The Seattle Seahawks didn’t officially name Pete Carroll their head coach until last Monday, but anyone with even a passing interest in the NFL knew the deal had been in place for at least three days. Both sides just needed to hammer out some last minute contractual details and the Seahawks needed to fulfill one pesky little obligation: The Rooney Rule.
Named after Pittsburgh Steelers owner and U.S. Ambassador to Ireland Dan Rooney, the Rooney Rule requires all NFL teams to interview at least one minority candidate for any head coaching or front office position before making a hire. At its best, the rule gives otherwise overlooked minorities an opportunity to get a foot in the door and has led to a 12 percent increase in African American head coaches since 2003. But most of the time, the rule is nothing more than a façade so teams don’t have Al Sharpton knocking at their doors every time they hire another white head coach.
Most of the time, there are no actual minority candidates. There are just pawns used to let the game play out.
The Seahawks had no intention of hiring Minnesota Vikings Defensive Coordinator Leslie Frazier just as Washington Redskins owner Daniel Snyder had no intention of bringing in anyone other than Mike Shanahan at the beginning of the month. But both teams still made sure to cover themselves by interviewing a minority candidate before moving forward with their first choices.
That’s the way the Rooney Rule typically plays out. For every success story, like Mike Tomlin of the defending Super Bowl champion Steelers, there are ten Leslie Frazier’s, who go into the interview knowing everything is a sham and they have zero chance of getting a head coaching gig. Their best hope is to be impressive enough so teams can tell the media how intelligent and eloquent they were. Then they might have a shot at a job down the line.
Sports aren’t supposed to work this way, of course. The sports leagues like to brag about how progressive they are, how if the civil rights movement is complete anywhere, it’s in football or basketball, where minorities are the overwhelming majority. They love to celebrate Martin Luther King Jr. and all he accomplished, but they do it in a way that says, “Hey look at us. We’ve done the best of all.”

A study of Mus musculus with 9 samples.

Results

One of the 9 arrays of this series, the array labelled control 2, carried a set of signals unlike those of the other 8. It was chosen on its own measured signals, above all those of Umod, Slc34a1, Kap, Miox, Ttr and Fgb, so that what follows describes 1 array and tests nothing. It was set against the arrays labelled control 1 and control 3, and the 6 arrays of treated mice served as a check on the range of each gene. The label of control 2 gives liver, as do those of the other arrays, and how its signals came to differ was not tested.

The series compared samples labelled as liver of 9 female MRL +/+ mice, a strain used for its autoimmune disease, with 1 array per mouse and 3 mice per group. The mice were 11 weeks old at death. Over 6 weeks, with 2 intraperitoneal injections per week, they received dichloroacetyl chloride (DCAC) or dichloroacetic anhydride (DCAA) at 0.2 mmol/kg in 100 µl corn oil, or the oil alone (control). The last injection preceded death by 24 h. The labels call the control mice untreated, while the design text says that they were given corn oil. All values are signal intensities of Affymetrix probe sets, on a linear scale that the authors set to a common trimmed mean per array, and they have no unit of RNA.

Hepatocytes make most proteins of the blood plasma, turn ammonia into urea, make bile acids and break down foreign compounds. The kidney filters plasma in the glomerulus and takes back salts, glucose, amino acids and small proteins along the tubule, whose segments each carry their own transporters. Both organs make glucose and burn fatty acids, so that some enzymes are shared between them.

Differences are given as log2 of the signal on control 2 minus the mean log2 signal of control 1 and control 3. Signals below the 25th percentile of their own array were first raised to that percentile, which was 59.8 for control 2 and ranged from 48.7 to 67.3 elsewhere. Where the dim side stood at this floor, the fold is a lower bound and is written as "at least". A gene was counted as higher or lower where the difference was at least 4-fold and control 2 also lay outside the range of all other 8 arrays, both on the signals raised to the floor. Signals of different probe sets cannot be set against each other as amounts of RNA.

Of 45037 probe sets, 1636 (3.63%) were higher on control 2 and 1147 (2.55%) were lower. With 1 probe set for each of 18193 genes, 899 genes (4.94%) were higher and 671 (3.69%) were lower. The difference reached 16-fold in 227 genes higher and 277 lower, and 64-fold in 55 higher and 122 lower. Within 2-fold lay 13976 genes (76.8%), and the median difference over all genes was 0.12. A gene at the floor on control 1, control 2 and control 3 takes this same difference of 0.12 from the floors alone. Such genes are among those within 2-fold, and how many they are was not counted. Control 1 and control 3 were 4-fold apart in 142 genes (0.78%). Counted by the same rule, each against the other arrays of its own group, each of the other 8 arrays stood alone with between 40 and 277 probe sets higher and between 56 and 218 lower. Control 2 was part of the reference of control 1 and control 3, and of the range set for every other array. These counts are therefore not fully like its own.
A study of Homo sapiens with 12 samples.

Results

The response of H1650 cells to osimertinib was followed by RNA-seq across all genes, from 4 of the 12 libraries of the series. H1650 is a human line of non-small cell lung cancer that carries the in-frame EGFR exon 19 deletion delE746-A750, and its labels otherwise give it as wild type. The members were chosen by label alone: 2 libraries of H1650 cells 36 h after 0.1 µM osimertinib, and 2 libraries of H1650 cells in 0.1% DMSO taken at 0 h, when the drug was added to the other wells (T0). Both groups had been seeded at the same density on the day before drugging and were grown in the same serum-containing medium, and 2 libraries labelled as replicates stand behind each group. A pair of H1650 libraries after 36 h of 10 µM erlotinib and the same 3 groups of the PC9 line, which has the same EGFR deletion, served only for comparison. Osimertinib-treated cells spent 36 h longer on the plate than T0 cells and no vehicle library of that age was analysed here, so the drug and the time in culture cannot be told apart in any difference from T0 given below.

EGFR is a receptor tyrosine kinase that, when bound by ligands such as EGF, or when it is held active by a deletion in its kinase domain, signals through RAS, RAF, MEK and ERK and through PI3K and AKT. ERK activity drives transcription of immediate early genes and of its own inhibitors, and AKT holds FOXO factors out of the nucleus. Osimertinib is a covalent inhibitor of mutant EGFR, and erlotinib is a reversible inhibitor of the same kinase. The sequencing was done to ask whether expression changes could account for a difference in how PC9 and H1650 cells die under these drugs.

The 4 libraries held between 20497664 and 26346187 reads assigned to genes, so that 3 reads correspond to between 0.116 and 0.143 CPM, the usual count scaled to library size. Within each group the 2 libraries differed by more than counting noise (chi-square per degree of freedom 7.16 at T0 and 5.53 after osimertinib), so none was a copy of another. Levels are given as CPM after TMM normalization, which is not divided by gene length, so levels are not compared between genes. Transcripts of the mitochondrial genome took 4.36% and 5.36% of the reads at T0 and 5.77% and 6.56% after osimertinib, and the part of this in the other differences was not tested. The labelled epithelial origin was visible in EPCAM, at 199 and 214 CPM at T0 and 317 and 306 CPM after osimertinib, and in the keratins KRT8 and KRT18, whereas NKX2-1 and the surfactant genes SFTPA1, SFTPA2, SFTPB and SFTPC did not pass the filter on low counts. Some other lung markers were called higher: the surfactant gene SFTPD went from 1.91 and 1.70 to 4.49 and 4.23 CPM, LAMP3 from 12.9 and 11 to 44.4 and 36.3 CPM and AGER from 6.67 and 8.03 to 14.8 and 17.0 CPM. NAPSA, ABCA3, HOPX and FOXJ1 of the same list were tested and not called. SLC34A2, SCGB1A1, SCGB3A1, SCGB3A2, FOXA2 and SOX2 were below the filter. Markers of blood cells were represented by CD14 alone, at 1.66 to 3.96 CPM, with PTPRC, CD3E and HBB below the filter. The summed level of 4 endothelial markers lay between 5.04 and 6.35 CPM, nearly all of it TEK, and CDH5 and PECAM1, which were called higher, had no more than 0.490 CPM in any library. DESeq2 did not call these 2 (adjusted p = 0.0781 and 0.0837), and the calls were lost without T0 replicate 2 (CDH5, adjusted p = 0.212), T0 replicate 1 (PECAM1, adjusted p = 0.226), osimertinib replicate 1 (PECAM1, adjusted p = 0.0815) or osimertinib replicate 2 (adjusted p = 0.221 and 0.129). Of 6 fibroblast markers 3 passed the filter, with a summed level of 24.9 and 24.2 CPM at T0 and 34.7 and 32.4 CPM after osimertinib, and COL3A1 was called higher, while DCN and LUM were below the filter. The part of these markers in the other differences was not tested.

They do have good reason to show off. After all, of the 50 highest paid athletes in the country, 33 are black or Hispanic. To young children in most urban neighborhoods, it still appears that the best way to get rich is through sports.
But what isn’t focused on nearly enough is the number of athletes who make it all the way to the pros and still end up broke. Last year, Sports Illustrated reported that 78% of former NFL players have gone bankrupt or are under financial stress and that 60% of NBA players are broke within five years of being out of the league. You do the math. If the majority of professional athletes are minorities, then how are they doing financially when their playing days are over?
At least part of the reason so money former athletes have money problems is that they don’t have anything to do when their careers are over. Very few will ever get into coaching and even less will have a legitimate chance at a head coaching job. In football, there are just 17 African-American head coaches in the NFL and the Football Bowl Subdivision. In the NBA, there are six African-American head coaches and of the current top 25 teams in Division I men’s college basketball, only three have black coaches.
Here’s what needs to happen: There needs to be a mandatory rule that at least a certain number of minorities must be placed on all coaching staffs in every sport. The Rooney Rule only exists in the NFL and it’s treated more as a formality than anything else. The rest of the professional sports leagues and the NCAA do nothing to promote minority coaching candidates. But putting at least one minority coach on every staff would ensure that they at least get their foot in the door. Maybe then we’ll start to see changes.
Because right now, best of all just ain’t good enough.